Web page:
Hors-la-loi (Outside the Law), the latest film from iconoclastic French director Rachid Bouchareb, was originally mooted for a Bay Area run last November, but its release was abruptly and mysteriously cancelled at the last minute. Since then, a lot has happened: the winds of revolution once again began blowing through the streets of North Africa, and the film was nominated for an Academy Award. Outside the Law’s distributor, Cohen Media Group, clearly knew something the rest of us didn’t.
Now scheduled to open this Friday, February 11 at the Shattuck Cinemas, Outside the Law begins in 1925, as colonial authorities evict an Algerian family from the land they have farmed for as long as anyone can remember. This appalling injustice provides a searing life lesson for the family’s three young children, who grow up to become the film’s mid-century protagonists: eldest brother Abdelkadir (Sami Bouajila), a radical newly released from jail after serving time for his political activities; Messaoud (Roschdy Zem), a solider in the French army newly returned home from a tour of duty in Indochina; and apolitical runt of the litter Said (Jamel Debbouze), who’s more interested in his fledgling career as a boxing promoter than he is in revolution.
After the brothers re-unite in a Nanterre shantytown populated by North African factory workers, veteran activist Abdelkadir tries to convince his siblings to join him in the struggle for Algerian independence. Messaoud—whose battlefield experiences have taught him that French imperial might has its limits—is a quick convert to the cause, but Said remains unconvinced. When the elder brothers begin proselytizing to their fellow workers on behalf of the Front de Libération Nationale (FLN), the police begin to pay attention to the family—attention which Said, whose primary interest is making money, doesn’t appreciate.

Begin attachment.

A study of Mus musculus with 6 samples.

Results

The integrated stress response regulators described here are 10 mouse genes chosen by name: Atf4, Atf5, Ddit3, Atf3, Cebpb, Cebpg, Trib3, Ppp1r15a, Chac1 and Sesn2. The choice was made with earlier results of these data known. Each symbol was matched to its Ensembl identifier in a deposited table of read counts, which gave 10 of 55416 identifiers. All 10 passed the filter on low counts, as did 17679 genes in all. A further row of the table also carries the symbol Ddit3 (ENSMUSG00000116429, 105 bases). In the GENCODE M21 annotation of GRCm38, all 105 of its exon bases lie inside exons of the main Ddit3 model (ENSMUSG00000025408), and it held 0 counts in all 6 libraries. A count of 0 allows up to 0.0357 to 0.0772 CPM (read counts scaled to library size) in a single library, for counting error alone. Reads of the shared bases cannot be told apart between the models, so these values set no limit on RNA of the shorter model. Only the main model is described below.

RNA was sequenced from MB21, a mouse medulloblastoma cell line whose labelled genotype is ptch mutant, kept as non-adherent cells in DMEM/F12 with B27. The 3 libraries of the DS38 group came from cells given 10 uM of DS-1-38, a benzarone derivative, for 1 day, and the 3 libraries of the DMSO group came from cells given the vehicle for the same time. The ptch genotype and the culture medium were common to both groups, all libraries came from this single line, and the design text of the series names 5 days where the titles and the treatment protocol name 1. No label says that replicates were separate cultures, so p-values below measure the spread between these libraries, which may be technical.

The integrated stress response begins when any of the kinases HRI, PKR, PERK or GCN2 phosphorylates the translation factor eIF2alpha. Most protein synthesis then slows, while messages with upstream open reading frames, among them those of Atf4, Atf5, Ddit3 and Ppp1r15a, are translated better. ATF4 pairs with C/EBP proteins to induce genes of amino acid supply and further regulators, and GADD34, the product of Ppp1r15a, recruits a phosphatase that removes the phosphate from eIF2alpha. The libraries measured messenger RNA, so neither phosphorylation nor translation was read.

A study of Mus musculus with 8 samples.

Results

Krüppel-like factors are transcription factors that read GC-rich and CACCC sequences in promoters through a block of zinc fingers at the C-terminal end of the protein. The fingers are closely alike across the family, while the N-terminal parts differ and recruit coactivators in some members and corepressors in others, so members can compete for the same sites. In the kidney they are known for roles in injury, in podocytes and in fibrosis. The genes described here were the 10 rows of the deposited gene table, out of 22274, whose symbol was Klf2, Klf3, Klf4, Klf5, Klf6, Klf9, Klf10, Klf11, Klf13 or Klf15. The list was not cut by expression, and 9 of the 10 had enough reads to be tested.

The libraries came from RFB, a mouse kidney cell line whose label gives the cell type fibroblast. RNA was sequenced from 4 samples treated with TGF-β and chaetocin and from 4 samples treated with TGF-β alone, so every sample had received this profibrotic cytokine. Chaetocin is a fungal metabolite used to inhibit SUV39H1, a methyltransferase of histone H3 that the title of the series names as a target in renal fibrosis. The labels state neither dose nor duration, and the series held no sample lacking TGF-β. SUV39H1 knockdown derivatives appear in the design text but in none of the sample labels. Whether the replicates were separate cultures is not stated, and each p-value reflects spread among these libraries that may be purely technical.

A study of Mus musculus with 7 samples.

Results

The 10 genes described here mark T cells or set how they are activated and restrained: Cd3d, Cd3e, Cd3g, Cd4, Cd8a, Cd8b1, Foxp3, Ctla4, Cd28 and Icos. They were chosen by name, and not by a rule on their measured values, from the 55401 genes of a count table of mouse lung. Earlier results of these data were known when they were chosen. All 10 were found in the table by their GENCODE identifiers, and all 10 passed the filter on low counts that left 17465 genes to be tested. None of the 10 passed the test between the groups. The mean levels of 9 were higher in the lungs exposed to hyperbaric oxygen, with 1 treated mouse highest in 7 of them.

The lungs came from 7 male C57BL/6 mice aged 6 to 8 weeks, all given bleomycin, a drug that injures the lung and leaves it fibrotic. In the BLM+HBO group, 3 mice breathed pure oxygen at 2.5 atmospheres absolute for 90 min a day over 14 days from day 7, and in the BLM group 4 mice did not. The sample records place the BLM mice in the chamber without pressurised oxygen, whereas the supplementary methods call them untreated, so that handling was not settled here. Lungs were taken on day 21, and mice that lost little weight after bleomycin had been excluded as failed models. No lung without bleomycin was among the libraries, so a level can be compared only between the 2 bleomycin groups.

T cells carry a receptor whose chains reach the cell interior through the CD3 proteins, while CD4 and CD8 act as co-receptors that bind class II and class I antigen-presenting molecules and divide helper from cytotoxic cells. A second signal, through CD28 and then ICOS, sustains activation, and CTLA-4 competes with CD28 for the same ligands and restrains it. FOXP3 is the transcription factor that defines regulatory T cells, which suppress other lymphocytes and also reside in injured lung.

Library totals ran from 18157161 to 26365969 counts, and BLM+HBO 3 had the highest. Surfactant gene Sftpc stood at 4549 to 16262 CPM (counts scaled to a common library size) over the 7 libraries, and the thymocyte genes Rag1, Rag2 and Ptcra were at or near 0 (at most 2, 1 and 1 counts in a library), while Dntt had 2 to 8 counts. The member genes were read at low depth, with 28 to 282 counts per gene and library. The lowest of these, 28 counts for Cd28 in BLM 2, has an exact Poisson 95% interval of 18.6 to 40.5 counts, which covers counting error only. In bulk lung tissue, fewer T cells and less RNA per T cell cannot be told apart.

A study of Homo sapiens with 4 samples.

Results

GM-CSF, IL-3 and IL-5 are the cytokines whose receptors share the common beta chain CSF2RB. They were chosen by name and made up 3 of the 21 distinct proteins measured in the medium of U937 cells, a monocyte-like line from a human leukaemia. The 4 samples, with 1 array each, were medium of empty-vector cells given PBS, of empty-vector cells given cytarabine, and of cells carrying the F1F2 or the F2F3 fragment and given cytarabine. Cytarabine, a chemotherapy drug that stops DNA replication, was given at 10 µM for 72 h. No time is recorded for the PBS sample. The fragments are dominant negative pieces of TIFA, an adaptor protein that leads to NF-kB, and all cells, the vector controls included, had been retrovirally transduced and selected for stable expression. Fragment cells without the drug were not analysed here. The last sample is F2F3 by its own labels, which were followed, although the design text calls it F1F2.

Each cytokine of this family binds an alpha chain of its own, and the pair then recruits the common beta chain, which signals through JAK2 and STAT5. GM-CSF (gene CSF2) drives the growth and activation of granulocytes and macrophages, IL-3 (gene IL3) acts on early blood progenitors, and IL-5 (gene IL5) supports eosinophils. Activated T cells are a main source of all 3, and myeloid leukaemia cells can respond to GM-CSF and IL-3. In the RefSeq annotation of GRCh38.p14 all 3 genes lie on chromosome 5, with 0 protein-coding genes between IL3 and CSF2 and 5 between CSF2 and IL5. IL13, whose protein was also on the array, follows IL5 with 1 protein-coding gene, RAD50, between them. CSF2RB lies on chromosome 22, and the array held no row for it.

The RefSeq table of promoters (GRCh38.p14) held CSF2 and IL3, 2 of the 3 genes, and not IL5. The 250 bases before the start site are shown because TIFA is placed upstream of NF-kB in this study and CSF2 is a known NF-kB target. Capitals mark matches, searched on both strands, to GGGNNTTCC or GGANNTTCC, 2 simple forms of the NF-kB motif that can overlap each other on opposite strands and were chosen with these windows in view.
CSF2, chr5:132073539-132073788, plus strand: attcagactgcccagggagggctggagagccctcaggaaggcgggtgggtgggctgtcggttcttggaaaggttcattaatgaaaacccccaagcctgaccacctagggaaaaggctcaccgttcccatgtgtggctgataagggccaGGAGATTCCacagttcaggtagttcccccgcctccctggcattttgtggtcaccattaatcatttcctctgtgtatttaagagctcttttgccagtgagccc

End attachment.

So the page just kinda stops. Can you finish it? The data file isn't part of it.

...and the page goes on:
Among those trying to tamp down Algerian aspirations are Faivre (Bernard Blacan), the commander of The Red Hand, a secretive counter-insurgency group. Though Faivre has a grudging respect for Abdelkadir, who has rapidly ascended to the top of the FLN’s ranks, he has orders from on high: eliminate the revolutionary movement by any means necessary. When the Algerians assassinate a high-ranking policeman named Picot, the gloves come off and the violence escalates on both sides.
Outside the Law is effectively a sequel to Bouchareb’s earlier Days of Glory (Indigenes), which related the experiences of three North African soldiers fighting for France during the Second World War. Though Days of Glory features the same three leads playing characters named Abdelkadir, Messaoud, and Said, they are not the same characters depicted in Outside the Law. It’s an interesting artistic conceit suggesting that the experiences of World War II helped forge an Algerian national identity that previously hadn’t existed.
It’s impossible to watch this film without thinking of Gillo Pontecorvo’s epic feature The Battle of Algiers — and the comparison is not always an entirely favorable one. How could it be? Pontecorvo’s film remains one of the landmarks of modern cinema, as breathtaking and insightful today as it was forty years ago. Clocking in at almost two and a half hours, Outside the Law drags a bit at times, and its reliance on traditional storytelling structure makes it seem rather quaint in comparison to its predecessor, which eschewed narrative arc in favor of action, polemic, and revolutionary fervor. Bouchareb’s film seems a bit older, a bit wiser, and a bit more traditional than Pontecorvo’s.
Battle of Algiers admirers are, however, still advised to check out Outside the Law, especially for the performances of Bouajila and Blancan, who convey cold-blooded loyalty to their respective causes to chilling effect. Whether or not Outside the Law deserves to win this year’s Best Foreign Language Film Oscar, both performances should have drawn the Academy’s attention. Perhaps the Cesars will come knocking instead.
Berkeleyside’s film writer John Seal writes a weekly film recommendation column at Box Office Prophets, as well as a column in The Phantom of the Movies’ Videoscope, an old-fashioned paper magazine, published quarterly.